This story has been on the backburner for a while now, having been written and shot in the middle of summer. Enjoy!
Mercedes Benz has long made a name for itself building luxurious sedans for those who want to cover distance in comfort. The S, C and E-classes have been their bread and butter, now supported by numerous permutations of three letters that they seem to be pulling out of a hat, while responding to the needs of the market (a la GLA, GLC, GLE and all the rest).
If you need a high-performance variant, the very efficient gentlemen from Aufrech Melcher Grobaspach will fulfill every need. Track monster, urban muscle, autobahn-stormer, they’ve got it all, seamlessly integrating with Mercedes Benz product lineup since the late 1990s. That can be said of any of the German brands, who have their performance variants like //M and Quattro.
Back in the early ‘90s, however, things weren’t so simple. Unless you had discovered black gold or exotic baking powder, the chances of getting your hands on a truly spectacular machine were slim. Then again, AMG was churning out cars like the Hammer, operating as a tuning house for stock MB cars.
Whether this got the executives at the bigger company thinking, or whether it was a skunkworks project that eventually saw the light of day, few know. Either way, Mercedes Benz did something unprecedented by knocking on their Stuttgart sibling’s door and put forth an idea. Porsche, slightly idle at the time, agreed.
The result was a reinforced Mercedes Benz E-class chassis, with subtle fender flares to accommodate an engine so big that Porsche had to fit it to the cars. Displacement was 4937cc, divided into eight cylinders, making 350 hp. The resulting car was named the 500E.
Today, neither the displacement, nor the power figures capture our attention. Then again, you can’t really blame people, when a Formula-1 derived V10-powered super-sedan is now available for close to $10,000 on the used market (if you scrape the bottom of the barrel).
I too, did not know what to make of the 500E, having never had seat time in one. So, when a friend bought a car that was in need of some love, I thought it would be a great introduction to the model. That’s how I found myself standing in front of this car on a cloudy midsummer day.
First impressions? Extremely solid. Solid, to the point that the car looks like it’s been hewn from a hunk of granite.
The subtle lines are textbook Nineties’ Benz, but you need to know what you’re looking for. The arches and wider wheels do give the game away, but to a very small extent. Back this car into a corner, and it’ll come out fighting, or so the looks say.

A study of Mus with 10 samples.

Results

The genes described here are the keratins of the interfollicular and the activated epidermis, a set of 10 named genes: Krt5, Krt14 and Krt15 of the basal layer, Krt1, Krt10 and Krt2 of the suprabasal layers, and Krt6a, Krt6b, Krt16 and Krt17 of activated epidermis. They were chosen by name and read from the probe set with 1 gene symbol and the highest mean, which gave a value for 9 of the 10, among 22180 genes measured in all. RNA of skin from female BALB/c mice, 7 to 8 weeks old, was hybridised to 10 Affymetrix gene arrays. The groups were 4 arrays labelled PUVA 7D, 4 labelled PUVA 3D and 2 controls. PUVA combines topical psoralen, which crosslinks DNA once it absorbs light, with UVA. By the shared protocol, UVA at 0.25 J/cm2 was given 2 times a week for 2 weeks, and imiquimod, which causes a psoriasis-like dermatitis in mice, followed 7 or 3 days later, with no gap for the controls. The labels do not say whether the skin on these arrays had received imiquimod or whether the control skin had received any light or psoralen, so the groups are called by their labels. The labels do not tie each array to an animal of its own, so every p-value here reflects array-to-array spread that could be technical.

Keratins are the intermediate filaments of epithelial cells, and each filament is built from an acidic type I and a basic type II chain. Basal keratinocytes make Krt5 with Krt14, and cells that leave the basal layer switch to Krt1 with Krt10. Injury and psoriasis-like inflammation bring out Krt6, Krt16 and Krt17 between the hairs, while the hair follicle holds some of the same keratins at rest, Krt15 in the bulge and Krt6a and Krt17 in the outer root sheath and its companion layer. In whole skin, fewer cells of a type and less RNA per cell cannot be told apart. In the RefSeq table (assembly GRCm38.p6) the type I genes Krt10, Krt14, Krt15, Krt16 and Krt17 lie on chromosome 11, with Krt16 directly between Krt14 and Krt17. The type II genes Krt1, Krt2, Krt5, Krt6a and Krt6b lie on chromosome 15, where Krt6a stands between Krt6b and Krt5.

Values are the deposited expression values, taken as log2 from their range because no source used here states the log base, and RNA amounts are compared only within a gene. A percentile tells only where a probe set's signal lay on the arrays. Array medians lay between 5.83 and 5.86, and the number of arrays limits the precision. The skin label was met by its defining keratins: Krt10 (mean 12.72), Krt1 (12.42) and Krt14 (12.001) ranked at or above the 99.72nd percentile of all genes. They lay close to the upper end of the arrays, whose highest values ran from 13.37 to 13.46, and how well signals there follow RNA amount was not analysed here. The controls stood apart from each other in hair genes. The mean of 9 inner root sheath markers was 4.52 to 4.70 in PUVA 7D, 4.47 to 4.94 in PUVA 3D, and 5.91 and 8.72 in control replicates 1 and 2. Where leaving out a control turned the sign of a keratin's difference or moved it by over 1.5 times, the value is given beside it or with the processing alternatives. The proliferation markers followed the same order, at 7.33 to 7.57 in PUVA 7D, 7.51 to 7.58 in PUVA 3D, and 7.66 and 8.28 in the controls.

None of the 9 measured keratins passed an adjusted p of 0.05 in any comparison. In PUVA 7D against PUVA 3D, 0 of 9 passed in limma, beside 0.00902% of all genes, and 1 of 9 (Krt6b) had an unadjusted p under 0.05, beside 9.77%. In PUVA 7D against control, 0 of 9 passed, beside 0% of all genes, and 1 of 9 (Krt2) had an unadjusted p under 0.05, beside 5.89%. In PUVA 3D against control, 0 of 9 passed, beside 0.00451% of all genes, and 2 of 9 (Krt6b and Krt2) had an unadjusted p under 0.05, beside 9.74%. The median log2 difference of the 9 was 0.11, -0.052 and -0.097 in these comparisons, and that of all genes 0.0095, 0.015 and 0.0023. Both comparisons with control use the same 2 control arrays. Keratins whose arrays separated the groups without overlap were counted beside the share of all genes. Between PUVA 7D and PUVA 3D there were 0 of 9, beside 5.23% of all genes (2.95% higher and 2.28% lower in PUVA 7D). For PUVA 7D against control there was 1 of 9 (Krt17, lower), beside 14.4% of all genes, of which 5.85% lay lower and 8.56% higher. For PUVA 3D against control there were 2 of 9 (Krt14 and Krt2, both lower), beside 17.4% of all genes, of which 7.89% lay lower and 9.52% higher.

Painted in a darker shade of tired grey, this particular specimen has lived a hard life. The interior, although luxurious, shows its age. Ripped leather and cracked trim tell their own story, but all the switches work just right. More importantly, the steering wheel looks like it could replace an anvil in a blacksmith’s workshop with nobody the wiser. The design language was very utilitarian in those days, but one can trace the roots of MB through to the new cars, with the controls being mostly in the same place. Start the engine and the V8 barks, before settling into a contented purr. The shift lever selects ‘D’ with a satisfying clunk and the car moves off, ever so smoothly.
During the next few minutes, I get a crash course in why people still covet this generation of Benz so much. The 500E is so smooth, that I find myself confident that she could undertake a cross country road-trip with extreme comfort, arriving at her destination completely composed, the same being said for her occupants.
Put your foot down quickly and the V8 wakes up, moving towards the horizon with a good degree of urgency. The 500E is slow by today’s standards, but that comes down to a couple of things: safety and comfort. That bank vault assuredness each time you shut the door comes at a cost – weight. The car was never built to handle the twisties and if that’s what your using the car for, I’d strongly suggest you stop. Need something that eats miles for breakfast, lunch and dinner? You’ve found it.
This brings me to the association that the car has. Every car has a particular reputation to attract a certain kind of clientele. Ferraris and Lamborghinis from the Disco era were known for flamboyant wealth and white powder. BMWs, specifically the E30s, were known for being the transportation of choice for the Yuppie. The 600 Grosser was known to appeal to those with highly autocratic tendencies and a sovereign wealth fund for their personal piggy bank.
The 500E? You drove it if you wanted to fly under the radar. A banker, or a businessman, who needed to cross countries to be home in time for dinner, usually cruising at highly illegal speeds without raising the attention of local law enforcement. Perhaps even a lieutenant, or right-hand-man, in an organized crime syndicate, who travelled behind his boss in the motorcade.
That’s the type of association that the 500E brings to mind. Power when you needed it, but a disguise when you didn’t, which is why I allude to an aging wrestler in a three-piece suit. Get into a bar fight with a 500E and you’ll leave the room horizontally.
This particular car will get a full interior refresh, a full respray and some basic engine maintenance before long. In spite of its needs, she’s a tough machine, born out of a rare marriage between two highly reputed German auto manufacturers.
Almost 25 years later, the quality still shines through. That’s why, if you want a run-of-the-mill sleeper sedan, you’ll find dime a dozen. If you want a German machine built with class, that exudes a subtle level of prestige and will probably outlast you, get a W124 500E.
Special thanks to Godfrey Landicho for taking the time out of his busy schedule to bring his beast out for us, and his incredible patience with this story. We hope the E never leaves your fleet!